For wildlife watchers, Scotland can be a remarkable place to see some rare and spectacular sights including our own ‘Big Five’.
Red squirrels, red deer, golden eagles, otters and harbour seals are considered prize sights amongst enthusiasts but there’s an array of other wonderful creatures to look out for.
The National Trust for Scotland work to protect the habitats that support all kinds of animal and plant communities.
With careful monitoring and conservation efforts many amazing creatures can be easily seen when you visit Trust sites.
Here’s some to look out for.
Mar Lodge Estate is Britain’s largest National Nature Reserve, a wildlife wonderland in the heart of the Cairngorms. After centuries of deforestation the native Caledonian pinewood is being reborn and you can spot iconic Scottish wildlife, including red deer, red squirrels, golden eagles and black grouse.
There have been over 5000 species recorded here, many of which are rare or endangered and 30% of the UK’s Red Listed birds breed on the estate including curlew, dotterel and merlin.
Along the rivers you might catch a glimpse of a dipper, common sandpiper, wagtail and, if you’re very lucky, an otter or salmon.
The beautiful ancient pinewoods are home to birds such as black grouse, treecreeper, crossbill and redstart as well as red squirrels, pine martens and the very rare narrow-headed ant.
Golden eagles and red deer
Glencoe is another National Nature Reserve that hosts a rich variety of birdlife, from water-loving dippers, hopping from rock to rock beside the River Coe, to whooper swans, who spend the winter at Loch Achtriochtana while golden eagle nest among the more remote hilltops and corries.
In the glen you might glimpse sheep, wild mountain goats, or the Monarch of the Glen himself – a red deer stag.
Threave is home to healthy populations of red squirrels, bats and birds of prey. The most famous of these are the ospreys, which have been nesting on the reserve for over a decade.
Between March and September, you can visit the Osprey Viewing Platform, just beyond the boat jetty for Threave Castle. It’s staffed by volunteers who can tell you all about these magnificent birds.
Threave is also home to the Threave Bat Reserve, Scotland’s first dedicated protected habitat for these amazing animals. With eight resident species (the eighth, the Leisler’s Bat, was only verified as resident in late 2018), there are more varieties living here than anywhere else in Scotland.
During the summer (bats hibernate in winter) the conservation team of staff and volunteers use special bat detectors to record numbers and identity by sound which species are active – join in a future bat count (restrictions permitting).
The breathtaking coastal headland of St Abb's Head National Nature Reserve is famed for its seabird colonies of guillemots, kittiwakes and razorbills. Get close-up views of the feathered residents at this ‘seabird city’ from spectacular cliff-top vantage points.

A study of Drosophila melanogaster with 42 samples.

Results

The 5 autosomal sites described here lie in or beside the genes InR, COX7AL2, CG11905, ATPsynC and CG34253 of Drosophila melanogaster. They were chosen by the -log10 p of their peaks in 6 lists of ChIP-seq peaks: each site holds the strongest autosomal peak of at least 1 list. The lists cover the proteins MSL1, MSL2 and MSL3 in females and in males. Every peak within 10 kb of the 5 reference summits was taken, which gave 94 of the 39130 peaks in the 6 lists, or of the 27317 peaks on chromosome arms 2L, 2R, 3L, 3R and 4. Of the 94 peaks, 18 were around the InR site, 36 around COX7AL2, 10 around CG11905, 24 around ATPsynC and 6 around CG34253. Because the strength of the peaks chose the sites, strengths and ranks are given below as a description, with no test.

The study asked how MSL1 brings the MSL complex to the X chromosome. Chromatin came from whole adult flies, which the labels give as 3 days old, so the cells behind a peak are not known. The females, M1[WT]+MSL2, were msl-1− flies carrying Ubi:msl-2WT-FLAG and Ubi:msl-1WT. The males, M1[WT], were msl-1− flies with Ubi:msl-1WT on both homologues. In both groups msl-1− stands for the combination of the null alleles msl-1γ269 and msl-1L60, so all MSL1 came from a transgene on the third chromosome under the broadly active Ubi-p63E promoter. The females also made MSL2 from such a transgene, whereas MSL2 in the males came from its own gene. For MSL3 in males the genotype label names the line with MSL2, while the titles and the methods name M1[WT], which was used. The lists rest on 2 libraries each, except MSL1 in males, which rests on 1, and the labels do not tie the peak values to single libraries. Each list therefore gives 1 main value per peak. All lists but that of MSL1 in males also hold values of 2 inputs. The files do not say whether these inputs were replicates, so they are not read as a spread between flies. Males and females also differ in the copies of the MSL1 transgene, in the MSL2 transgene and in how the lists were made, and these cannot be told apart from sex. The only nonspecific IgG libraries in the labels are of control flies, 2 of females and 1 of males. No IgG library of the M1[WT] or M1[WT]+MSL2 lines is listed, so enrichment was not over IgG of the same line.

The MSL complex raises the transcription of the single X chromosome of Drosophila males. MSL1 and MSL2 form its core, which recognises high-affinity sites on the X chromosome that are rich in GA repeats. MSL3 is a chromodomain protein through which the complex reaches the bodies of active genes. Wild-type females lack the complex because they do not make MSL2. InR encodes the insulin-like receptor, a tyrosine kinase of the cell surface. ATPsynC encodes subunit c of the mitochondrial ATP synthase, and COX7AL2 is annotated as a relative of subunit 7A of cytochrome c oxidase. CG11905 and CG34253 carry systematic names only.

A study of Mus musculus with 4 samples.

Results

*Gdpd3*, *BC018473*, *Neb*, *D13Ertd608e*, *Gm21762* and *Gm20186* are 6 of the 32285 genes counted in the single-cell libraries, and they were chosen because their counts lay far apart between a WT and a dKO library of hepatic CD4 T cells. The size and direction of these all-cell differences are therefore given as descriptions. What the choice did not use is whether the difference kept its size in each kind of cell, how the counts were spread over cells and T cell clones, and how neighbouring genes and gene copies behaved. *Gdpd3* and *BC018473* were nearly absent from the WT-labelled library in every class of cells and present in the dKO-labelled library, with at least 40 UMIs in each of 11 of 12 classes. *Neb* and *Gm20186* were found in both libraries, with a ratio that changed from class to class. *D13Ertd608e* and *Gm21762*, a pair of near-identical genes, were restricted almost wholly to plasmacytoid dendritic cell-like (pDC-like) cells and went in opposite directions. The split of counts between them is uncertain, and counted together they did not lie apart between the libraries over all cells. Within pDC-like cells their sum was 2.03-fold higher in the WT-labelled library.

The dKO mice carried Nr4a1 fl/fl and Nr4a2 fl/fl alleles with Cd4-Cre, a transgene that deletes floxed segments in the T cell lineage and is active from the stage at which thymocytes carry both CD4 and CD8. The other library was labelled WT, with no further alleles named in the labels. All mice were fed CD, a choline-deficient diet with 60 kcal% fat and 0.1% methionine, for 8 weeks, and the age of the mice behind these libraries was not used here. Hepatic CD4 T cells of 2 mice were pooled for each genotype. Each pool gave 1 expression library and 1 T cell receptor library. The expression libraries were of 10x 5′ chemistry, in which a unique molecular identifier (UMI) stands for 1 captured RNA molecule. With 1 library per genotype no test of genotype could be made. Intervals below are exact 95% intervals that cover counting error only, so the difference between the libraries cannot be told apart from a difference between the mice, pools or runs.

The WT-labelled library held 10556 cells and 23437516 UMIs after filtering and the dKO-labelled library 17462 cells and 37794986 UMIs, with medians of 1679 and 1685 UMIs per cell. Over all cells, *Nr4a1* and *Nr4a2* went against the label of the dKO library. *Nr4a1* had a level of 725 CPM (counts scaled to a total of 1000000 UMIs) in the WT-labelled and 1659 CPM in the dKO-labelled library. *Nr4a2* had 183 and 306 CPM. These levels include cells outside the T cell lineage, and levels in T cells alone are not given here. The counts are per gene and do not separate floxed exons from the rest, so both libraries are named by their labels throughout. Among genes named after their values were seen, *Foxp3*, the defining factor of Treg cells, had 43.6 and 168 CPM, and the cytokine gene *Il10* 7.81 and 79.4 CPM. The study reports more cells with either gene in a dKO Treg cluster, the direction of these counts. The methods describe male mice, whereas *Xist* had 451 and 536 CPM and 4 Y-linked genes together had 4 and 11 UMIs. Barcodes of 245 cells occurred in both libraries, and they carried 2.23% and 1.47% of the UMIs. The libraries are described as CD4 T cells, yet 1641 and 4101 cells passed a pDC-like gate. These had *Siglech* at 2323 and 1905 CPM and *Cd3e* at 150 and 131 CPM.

Tens of thousands of seabirds nest here from May to July each year.
Look out for northern gannets too – in 2017 they bred at St Abb’s Head for the first time in living memory.
This cliff-top nature reserve has fresh sea air and rugged coastal scenery aplenty. It gives you the feeling of being somewhere really wild and remote, yet it’s just off the A1.
You can easily spend hours in the summer months watching and listening to the thousands of seabirds who nest in the high cliffs.
Red Squirrels were introduced to Inverewe in March 2017 as part of a translocation project to safeguard the future of these iconic mammals.
Surveys and monitoring on the estate show that the red squirrels have settled well into their new West Highland home, as several dreys (squirrel nests) have been identified in Inverewe Garden and the surrounding woodlands.
Dreys are built in the forks of trees to provide shelter and to rear young. The establishment of the dreys and the signs of feeding areas, indicate that the squirrels are thriving.
Many visitors to Inverewe have been lucky enough to catch sight of the red squirrels as the feeders and boxes have been placed in three areas around the site: two in the garden and one on the Pinewood Trail.
Otters, porpoises and more
Kintail is a beautiful stretch of the West Highland landscape which includes towering mountains, a rocky coastline and salt marches. As a result, it is home to a wide variety of wildlife.
The area is home to otters: look out for them along coastlines, rivers and lochs.
Also harbour porpoises: the only porpoise species found in Scotland, and often frequent similar areas to grey seals. Sometimes confused with their dolphin cousins, porpoises tend to be much smaller, chunkier and have a smaller, triangle-shaped dorsal fin. They travel in small groups or even alone and can be recognised by their ‘rolling’ movement through the water as they surface to breathe.